Crowdstar Ends The Year By Pulling in 50 Percent of Its Current Revenues From Mobile

With a makeover of its original hit game on iOS, Crowdstar is ending the year by pulling in 50 percent of its current revenues from mobile while the rest is coming from Facebook and abroad. (This isn’t a cumulative figure over the year. It’s revenue flow now.)

It’s a sign of the times as many of Facebook’s leading game developers have migrated toward more promising fronts on Android and iOS as growth for social games has slowed. Crowdstar, Zynga, Funzio and Booyah have probably had the most noticeable crossover success this quarter. Other Facebook stalwarts like EA Playfish, Wooga and Disney’s Playdom haven’t had as much visibility on the top-grossing charts, however.

This past week, Crowdstar retouched its iOS hit Top Girl by polishing the game’s artwork and relaunching it under the name Social Girl. Crowdstar’s changes underscore an industrywide trend toward higher production and better art, which we’ve seen in other titles like Tap Zoo 2 from Pocket Gems.

The company tweaked the game mechanics by letting players have only one boyfriend throughout the entire game. In the older game Top Girl, you could attract and then dump many boyfriends. (Yes, all of the games in Crowdstar’s Girl franchise are absurdly sexist. They’re so bad they’re practically good.)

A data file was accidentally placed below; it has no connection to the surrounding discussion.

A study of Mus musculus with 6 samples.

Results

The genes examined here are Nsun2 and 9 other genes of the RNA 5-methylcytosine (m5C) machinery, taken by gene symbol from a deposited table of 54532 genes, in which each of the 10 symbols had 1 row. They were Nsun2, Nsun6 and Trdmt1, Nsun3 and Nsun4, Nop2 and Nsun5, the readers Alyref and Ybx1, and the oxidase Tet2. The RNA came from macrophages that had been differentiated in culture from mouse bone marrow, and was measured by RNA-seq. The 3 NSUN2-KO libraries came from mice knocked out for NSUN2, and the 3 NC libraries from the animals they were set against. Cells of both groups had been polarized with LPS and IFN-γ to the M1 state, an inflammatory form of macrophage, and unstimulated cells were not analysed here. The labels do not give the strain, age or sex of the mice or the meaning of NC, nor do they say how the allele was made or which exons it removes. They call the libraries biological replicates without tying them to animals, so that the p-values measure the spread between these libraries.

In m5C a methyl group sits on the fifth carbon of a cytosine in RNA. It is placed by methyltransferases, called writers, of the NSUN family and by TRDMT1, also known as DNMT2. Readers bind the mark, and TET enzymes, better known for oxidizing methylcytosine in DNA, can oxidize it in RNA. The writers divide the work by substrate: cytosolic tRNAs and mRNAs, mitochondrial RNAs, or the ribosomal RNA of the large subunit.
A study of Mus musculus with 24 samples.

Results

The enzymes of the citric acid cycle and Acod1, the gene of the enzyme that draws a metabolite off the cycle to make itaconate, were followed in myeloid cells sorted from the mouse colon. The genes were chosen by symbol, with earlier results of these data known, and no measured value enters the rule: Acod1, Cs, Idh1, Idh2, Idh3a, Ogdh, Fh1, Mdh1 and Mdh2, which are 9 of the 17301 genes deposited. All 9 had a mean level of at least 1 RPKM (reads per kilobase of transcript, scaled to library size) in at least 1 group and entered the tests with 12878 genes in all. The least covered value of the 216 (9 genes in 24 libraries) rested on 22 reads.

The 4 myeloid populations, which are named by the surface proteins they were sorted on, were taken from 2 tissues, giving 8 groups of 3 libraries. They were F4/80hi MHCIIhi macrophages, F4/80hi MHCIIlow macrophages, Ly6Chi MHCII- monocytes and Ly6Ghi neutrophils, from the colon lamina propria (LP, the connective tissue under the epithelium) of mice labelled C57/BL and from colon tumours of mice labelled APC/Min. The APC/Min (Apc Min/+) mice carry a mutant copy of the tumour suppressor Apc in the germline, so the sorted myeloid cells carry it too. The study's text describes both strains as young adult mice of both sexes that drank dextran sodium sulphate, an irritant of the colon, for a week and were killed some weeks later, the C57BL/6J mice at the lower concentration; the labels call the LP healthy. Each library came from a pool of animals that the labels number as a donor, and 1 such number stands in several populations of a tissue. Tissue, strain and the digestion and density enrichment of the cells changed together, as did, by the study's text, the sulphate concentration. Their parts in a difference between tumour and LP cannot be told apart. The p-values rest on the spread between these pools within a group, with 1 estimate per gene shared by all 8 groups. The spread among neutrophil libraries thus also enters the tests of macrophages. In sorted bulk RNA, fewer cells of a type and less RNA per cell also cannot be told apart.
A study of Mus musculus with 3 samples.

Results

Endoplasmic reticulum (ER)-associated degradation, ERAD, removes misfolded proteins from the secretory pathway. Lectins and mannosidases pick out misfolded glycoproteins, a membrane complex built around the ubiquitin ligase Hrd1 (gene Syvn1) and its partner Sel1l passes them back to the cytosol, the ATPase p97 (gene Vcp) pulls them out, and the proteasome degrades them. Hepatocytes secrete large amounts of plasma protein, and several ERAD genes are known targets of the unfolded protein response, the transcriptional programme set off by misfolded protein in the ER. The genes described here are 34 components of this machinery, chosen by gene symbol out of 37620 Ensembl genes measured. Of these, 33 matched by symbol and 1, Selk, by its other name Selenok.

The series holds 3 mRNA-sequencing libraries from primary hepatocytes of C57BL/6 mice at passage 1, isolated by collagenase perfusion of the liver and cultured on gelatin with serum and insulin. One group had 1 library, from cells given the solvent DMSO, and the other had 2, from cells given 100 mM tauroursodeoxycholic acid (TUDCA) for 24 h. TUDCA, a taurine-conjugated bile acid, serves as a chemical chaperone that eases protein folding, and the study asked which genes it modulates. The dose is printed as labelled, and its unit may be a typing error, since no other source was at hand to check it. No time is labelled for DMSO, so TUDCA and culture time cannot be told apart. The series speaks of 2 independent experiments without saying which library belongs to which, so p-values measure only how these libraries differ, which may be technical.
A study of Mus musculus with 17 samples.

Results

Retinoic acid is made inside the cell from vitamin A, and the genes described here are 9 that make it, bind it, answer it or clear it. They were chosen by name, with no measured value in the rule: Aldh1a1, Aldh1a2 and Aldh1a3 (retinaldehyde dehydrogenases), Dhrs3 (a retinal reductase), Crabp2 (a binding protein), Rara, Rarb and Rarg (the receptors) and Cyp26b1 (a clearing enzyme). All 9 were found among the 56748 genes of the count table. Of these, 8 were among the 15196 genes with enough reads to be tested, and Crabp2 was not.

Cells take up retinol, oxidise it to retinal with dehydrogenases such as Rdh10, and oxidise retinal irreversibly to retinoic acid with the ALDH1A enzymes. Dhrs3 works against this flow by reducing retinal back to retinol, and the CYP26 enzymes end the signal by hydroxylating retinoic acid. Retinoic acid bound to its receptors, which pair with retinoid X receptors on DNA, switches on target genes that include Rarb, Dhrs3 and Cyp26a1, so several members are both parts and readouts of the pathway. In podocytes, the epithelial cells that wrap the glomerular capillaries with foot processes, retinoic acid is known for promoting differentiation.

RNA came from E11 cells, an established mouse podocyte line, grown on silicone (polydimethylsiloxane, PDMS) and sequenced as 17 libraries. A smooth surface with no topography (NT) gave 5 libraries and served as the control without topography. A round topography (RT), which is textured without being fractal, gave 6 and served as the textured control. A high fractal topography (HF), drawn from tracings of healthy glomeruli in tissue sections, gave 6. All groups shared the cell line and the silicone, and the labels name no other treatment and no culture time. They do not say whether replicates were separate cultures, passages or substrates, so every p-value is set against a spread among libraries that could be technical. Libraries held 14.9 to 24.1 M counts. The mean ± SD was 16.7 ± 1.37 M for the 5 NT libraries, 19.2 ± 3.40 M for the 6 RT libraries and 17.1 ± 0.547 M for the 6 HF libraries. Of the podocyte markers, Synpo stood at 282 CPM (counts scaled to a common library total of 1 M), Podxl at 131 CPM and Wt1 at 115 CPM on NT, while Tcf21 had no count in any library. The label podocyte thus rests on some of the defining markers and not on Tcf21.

Since its launch, the game has racked up 1 million downloads in a week, presumably mostly through the core Top Girl audience and then through other paid acquisition channels.

Crowdstar is pointing out that it’s now deriving half of its revenues through mobile, a jab at Zynga, which it says is probably earning less than 10 percent of its revenues from iOS and Android. (However, it’s worth pointing out that Zynga has six games in the U.S.’s top grossing 100 while Crowdstar has two.)

The company has made a big effort to turn its largely Facebook dependent business into one that has three prongs on mobile and in international markets.